South Africa Publication November 2019

A delayed flight can cause a great deal of frustration and financial loss for its passengers. A passenger’s claim is dependent on the conditions of carriage that govern the flight and the law of the country in which a claim may be instituted, which is the country where the flight was delayed or cancelled.

South Africa is generally a consumer-friendly jurisdiction, but it is lagging behind on protection of passenger rights for delayed and cancelled claims. Although passengers are afforded some protections under the Consumer Protection Act, 2009, in circumstances of overbooking, these rights are difficult to enforce. For the most part, a claim for a refund, compensation, hotels or meals are based on the conditions of carriage, or the standard terms and conditions of each airline. Most airlines will provide passengers with water and food for a relatively short delay (between one to four hours), but further compensation for missed connecting flights, business meetings or holiday bookings are much harder to recoup.

For travel into or out of South Africa, passengers may have a right to claim compensation under the Montreal Convention, which provides for compensation of financial loss arising from travel disruptions, whether they are flight delays, cancellations or denied boarding. The passenger must prove financial loss as a result of the disruption, the disruption itself not giving rise to an automatic claim.

The situation is very different in other jurisdictions. For example, in the European Union, a passenger may have a right to claim simply as a result of a delay, even if no financial loss arose. In the EU (and some non-EU countries such as Norway, Iceland and Switzerland), passengers have the right to claim compensation if they arrive at their final destination more than three hours after their scheduled arrival time. The right to compensation also includes delayed connecting flights in the EU with a final destination outside of the EU. The amount that the passenger may claim varies on the distance of the flight, but is typically between R4 000 to R10 000.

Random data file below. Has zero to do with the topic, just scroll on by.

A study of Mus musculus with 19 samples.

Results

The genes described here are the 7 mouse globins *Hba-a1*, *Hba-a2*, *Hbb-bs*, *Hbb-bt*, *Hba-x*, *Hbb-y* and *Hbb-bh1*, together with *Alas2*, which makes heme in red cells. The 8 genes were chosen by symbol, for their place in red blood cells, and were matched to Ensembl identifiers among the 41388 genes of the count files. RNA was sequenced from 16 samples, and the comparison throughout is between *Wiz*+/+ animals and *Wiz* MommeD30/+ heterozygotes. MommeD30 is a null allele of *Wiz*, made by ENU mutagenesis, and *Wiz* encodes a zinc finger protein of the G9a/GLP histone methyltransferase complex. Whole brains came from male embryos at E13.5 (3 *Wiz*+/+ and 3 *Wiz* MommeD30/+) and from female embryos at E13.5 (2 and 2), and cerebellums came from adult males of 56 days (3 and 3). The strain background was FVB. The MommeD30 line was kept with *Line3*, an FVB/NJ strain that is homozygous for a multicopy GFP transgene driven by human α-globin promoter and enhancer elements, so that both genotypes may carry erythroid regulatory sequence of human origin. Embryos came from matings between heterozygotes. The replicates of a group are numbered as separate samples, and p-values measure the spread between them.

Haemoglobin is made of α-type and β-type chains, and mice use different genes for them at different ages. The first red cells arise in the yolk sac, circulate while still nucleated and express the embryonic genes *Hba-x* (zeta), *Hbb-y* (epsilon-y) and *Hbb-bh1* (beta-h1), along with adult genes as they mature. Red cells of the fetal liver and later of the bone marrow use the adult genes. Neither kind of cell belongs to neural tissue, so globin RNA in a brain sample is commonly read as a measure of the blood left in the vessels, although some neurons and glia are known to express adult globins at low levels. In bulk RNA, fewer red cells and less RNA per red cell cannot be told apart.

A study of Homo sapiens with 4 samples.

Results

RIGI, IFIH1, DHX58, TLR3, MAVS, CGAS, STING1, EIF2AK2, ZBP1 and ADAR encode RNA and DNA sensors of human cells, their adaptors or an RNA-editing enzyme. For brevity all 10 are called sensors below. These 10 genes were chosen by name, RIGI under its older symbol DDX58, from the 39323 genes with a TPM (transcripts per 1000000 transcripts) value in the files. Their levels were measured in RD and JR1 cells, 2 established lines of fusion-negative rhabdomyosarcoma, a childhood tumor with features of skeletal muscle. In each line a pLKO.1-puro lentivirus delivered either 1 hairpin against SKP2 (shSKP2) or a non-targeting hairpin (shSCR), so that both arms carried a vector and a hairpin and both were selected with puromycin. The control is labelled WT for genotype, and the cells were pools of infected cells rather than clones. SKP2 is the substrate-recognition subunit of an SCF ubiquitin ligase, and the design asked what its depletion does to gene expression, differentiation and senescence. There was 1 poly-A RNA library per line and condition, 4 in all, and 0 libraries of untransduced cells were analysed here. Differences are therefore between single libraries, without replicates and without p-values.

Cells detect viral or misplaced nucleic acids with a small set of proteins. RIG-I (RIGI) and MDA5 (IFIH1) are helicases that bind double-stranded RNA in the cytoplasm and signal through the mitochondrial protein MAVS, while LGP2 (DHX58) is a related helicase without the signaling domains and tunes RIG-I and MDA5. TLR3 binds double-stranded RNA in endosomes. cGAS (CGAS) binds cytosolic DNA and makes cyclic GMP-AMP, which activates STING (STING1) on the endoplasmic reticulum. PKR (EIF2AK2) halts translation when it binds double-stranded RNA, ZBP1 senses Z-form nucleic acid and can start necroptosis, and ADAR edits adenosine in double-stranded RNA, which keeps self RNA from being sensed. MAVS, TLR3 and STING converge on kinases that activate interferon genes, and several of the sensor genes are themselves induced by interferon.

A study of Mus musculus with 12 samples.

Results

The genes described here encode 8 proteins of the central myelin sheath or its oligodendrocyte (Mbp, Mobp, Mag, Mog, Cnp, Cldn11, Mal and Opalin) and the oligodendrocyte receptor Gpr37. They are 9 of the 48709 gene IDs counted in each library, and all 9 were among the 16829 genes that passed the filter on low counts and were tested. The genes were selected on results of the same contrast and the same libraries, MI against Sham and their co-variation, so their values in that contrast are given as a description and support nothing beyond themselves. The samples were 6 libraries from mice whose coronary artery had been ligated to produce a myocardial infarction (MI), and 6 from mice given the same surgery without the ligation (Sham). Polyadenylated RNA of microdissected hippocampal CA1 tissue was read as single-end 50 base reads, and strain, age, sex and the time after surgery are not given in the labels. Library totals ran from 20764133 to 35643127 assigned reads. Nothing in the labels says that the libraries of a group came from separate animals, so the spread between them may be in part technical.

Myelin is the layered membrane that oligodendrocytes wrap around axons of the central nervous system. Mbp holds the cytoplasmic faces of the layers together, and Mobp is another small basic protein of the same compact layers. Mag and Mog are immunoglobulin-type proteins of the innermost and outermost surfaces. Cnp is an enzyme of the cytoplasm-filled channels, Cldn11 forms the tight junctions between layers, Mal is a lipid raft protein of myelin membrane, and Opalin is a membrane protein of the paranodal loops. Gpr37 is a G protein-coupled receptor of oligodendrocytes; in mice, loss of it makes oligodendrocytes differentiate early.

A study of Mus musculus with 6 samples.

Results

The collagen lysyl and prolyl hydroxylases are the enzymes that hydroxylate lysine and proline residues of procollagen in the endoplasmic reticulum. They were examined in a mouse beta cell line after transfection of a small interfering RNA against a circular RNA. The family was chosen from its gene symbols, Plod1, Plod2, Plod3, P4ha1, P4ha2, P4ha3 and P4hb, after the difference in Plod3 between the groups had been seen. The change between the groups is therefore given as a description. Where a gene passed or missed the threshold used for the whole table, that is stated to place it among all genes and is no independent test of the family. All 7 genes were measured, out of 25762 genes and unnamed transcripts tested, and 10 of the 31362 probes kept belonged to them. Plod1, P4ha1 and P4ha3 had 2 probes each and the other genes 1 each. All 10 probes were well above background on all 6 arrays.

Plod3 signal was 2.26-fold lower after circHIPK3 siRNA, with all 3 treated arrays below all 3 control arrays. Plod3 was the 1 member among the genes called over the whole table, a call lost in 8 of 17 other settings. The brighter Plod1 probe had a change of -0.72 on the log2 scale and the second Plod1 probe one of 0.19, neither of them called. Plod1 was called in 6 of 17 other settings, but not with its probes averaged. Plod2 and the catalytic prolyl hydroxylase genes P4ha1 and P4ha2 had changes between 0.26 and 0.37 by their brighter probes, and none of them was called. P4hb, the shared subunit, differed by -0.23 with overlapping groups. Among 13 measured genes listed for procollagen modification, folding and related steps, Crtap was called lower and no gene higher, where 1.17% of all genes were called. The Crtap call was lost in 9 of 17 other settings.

The right to claim compensation is not limited to EU citizens or residents, and South Africans flying into or out of the EU may have a right to claim too. The right to claim compensation applies to all flights departing from or arriving into the EU on an airline registered in the EU.

This is an onerous burden on airlines, as flights can be cancelled and delayed for many different and justifiable reasons. To balance the burden, the EU legislation provides the airlines with a number of limited defenses to claims for compensation for delayed flights. For example, the airline is not liable for a delayed flight if the delay was due to “extraordinary circumstances”. Extraordinary circumstances include adverse weather conditions, onboard medical emergencies, short-notice illness of the crew, foreign object damage to the aircraft, security risks, airport closures, air traffic restrictions, bird strikes or other manufacturing defects. The airline must prove the “extraordinary circumstance” and must also show that it took all reasonable measures to mitigate the delay or cancellation.

The US Department of Transportation is in the process of promulgating a Passenger Rights Bill that will provide for compensation for delays or cancellations in certain circumstances, including for overbooked flights or otherwise under the international conventions of carriage by air. Once the Bill is promulgated, a delay in excess of an hour may result in compensation up to R20 000. Delays in excess of four hours, may entitle the passenger to an automatic flight refund, a free replacement flight, R20 000 compensation and meal vouchers.

At the moment, there is no indication that South Africa will be adopting a similar legislative regime to that of the EU or US. However, airlines are becoming increasingly passenger-friendly and the manner in which airlines treat their passengers following a delay or cancellation is a key differentiator between them, which may drive consumer spend. Passengers should consult their tickets for claims conditions and claims processes, and ensure that they adhere to all required timelines and other requirements.